Studio ORYX: The Ingenuity of Reclaimed Wood Furniture

The quest to find innovative materials, techniques, and processes for a sustainable future has become a core concern in the design world. In this race against time, the Cancun-based Studio ORYX is leading the way with a back-to-the-roots approach, finding timeless beauty in preloved materials: leftover wood from the carpentry industry. Among piles of what some might label as garbage, Re’em Eyal, founder and CEO of Studio ORYX, sees the potential which he transforms into one-of-a-kind wood furniture.

“I am trying to demonstrate a new way of furniture making. As it is a new language, I [want] to educate my audience to emphasise and cherish the recycling process,” the Israelian designer explains. The ingenuity behind his designs speaks for itself: functionality meets intricate mosaic patterns, where the character of the reclaimed wood shines through, radiating a timeless elegance and a human touch.

View all pieces by Studio ORYX, including the Tzalam and Roble Scrap Wood Console Table, here >

Working within the realm of sustainable design, Studio ORYX’s creative output is dependent on the accessibility of the material itself. By scouring the internet, Eyal is able to locate and acquire unwanted wood. What follows is a process of cleaning, feeling and analysing each piece to determine what object it will transform into. This marks the intuitive approach of Eyal, where he manages to respond directly to the material and let its characteristics be part of the final product.

The composition and variety of wood demonstrate a unique visual language, where materiality is clearly at the forefront of the design, but Eyal’s keen eye for detail is the defining factor in making these reclaimed pieces come together. The resulting objects are artefacts of precious wood and a modern yet rustic aesthetic, a common threat throughout the studio’s work.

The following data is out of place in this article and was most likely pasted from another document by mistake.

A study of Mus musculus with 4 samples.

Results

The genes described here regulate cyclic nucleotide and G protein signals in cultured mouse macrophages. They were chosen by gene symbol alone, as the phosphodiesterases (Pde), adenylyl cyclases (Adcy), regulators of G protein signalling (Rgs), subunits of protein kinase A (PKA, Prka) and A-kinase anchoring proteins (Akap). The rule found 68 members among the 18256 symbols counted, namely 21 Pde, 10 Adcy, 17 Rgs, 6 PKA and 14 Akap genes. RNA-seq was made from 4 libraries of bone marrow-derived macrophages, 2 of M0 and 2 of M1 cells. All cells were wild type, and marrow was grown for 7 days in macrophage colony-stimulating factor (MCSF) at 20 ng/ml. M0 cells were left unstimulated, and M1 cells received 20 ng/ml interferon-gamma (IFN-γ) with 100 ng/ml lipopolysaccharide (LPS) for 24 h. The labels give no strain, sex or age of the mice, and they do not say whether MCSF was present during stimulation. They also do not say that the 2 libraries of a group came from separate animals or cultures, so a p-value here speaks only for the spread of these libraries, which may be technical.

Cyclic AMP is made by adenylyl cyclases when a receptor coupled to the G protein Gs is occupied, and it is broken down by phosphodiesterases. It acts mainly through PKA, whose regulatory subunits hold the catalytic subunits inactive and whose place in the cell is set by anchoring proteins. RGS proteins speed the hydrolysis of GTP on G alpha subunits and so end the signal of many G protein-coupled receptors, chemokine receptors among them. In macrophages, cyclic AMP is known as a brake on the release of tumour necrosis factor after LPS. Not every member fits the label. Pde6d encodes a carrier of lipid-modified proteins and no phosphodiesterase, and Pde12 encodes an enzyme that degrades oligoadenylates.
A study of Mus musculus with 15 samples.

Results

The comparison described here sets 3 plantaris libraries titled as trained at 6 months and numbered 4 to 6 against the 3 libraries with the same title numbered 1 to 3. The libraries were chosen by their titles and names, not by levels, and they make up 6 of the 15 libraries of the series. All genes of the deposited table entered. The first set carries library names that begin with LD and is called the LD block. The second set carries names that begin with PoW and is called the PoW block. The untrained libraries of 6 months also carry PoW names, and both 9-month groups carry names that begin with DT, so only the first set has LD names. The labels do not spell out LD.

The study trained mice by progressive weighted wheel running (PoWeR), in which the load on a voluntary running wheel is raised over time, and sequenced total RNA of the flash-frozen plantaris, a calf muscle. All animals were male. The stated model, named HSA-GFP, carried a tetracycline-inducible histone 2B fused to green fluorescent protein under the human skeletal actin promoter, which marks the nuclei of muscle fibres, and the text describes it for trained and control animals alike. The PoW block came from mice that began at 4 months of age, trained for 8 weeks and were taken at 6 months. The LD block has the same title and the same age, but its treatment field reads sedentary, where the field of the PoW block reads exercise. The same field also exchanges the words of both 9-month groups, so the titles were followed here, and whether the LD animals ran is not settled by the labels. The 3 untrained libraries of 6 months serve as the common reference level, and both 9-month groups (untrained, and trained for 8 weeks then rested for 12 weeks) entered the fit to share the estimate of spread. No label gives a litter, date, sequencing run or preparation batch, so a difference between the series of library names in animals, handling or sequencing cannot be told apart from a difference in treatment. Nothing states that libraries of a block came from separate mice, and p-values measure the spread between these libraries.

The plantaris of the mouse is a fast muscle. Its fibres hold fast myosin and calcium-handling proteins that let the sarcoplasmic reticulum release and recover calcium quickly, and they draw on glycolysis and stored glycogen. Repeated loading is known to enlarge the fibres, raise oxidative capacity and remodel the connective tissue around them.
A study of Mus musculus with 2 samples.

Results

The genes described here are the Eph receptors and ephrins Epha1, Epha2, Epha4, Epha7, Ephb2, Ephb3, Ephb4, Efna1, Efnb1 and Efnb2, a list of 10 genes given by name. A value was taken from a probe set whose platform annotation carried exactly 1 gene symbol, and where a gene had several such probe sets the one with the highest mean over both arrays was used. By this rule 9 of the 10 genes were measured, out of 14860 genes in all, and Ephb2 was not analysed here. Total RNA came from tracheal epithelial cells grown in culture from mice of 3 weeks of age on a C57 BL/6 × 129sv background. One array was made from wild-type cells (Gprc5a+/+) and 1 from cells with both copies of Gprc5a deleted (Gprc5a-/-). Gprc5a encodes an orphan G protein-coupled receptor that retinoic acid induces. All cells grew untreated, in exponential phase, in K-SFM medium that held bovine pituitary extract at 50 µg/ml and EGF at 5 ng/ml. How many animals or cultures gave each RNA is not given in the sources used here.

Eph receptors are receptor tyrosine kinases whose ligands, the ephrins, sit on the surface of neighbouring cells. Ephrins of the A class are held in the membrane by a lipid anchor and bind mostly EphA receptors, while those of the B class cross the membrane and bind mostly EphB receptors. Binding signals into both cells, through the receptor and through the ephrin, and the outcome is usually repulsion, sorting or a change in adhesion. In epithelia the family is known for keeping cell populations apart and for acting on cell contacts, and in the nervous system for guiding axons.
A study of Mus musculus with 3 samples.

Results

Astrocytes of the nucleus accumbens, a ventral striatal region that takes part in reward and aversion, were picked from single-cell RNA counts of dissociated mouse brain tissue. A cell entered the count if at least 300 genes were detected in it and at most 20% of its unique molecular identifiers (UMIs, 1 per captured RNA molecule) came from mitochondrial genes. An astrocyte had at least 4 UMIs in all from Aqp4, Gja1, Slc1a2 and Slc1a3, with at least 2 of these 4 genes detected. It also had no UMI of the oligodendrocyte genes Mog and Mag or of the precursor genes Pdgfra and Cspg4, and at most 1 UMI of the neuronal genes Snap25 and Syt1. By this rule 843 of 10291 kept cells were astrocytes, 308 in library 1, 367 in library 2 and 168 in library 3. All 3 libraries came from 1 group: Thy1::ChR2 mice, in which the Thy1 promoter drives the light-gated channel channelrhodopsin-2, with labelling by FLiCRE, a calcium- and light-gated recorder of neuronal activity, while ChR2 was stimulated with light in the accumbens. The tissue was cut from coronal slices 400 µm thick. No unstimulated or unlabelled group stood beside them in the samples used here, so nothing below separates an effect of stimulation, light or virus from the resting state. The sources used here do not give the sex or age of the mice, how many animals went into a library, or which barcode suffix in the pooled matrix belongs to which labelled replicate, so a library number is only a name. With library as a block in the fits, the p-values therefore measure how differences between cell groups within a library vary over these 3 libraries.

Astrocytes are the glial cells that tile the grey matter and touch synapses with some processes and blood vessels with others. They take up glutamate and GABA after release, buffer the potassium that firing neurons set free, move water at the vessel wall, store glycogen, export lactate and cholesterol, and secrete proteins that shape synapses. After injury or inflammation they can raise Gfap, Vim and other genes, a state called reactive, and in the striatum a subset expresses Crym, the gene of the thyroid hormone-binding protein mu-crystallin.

A prominent influence behind Studio ORYX’s furniture is Eyal’s background in Architecture and his admiration for the Bauhaus. From the more experimental “Stalactite Side Table” to more functionality-driven objects, such as the “Tornillo Wood Coffee Table”, Eyal’s architectural training and art historical inspiration exemplify a critical and analytical approach when turning reclaimed wood into collectibles. “I am influenced a lot by the Bauhaus and the modern movement, and I do believe that providing a character and a sense of uniqueness to an object generates an emotional bond between the object and the consumer,” he points out.

“As designers, I think we have a crucial part in the way our world would look in the next few decades. We see all over the world examples of how architecture and design are changing perceptions and approaches for a better and more holistic environment.”

– Re’em Eyal, founder and CEO of Studio ORYX

Between a rapid climate crisis and the resulting exuberant social inequalities, Eyal’s mission for his studio is as relevant as ever. “Due to climate change entire villages and cities are being demolished and ruined by natural disasters (and unfortunately by wars, as we see in Ukraine at the moment),” he explains. “This will generate materials for [studios] like mine to step in and recycle the waste that was generated by mankind.” With this ambition, Eyal wants to not only highlight how design is extrinsically linked to society’s well-being, but also set a clear example of how Studio ORYX is actively shaping a better, more sustainable future.

In light of Earth Month, get to know the unique, sustainable objects by Studio ORYX through ADORNO’s careful curation of their work and visit their showroom here >


Architect Re’em Eyal is the founder and owner of Studio ORYX – an innovative design studio established in 2010. In his studio, they offer both design and custom fabrication services to their clients, along with the production of their own branded line of reclaimed and recycled materials furniture. They strive to manufacture top-quality products out of 100% reclaimed and recycled materials. During the design process, they allow the materials to dictate the final outcome of the design and finished product. By taking this revolutionary and ecological approach, the studio is able to demonstrate how we are able to lower the ecological footprint of our products. The studio is based in Cancun, Mexico.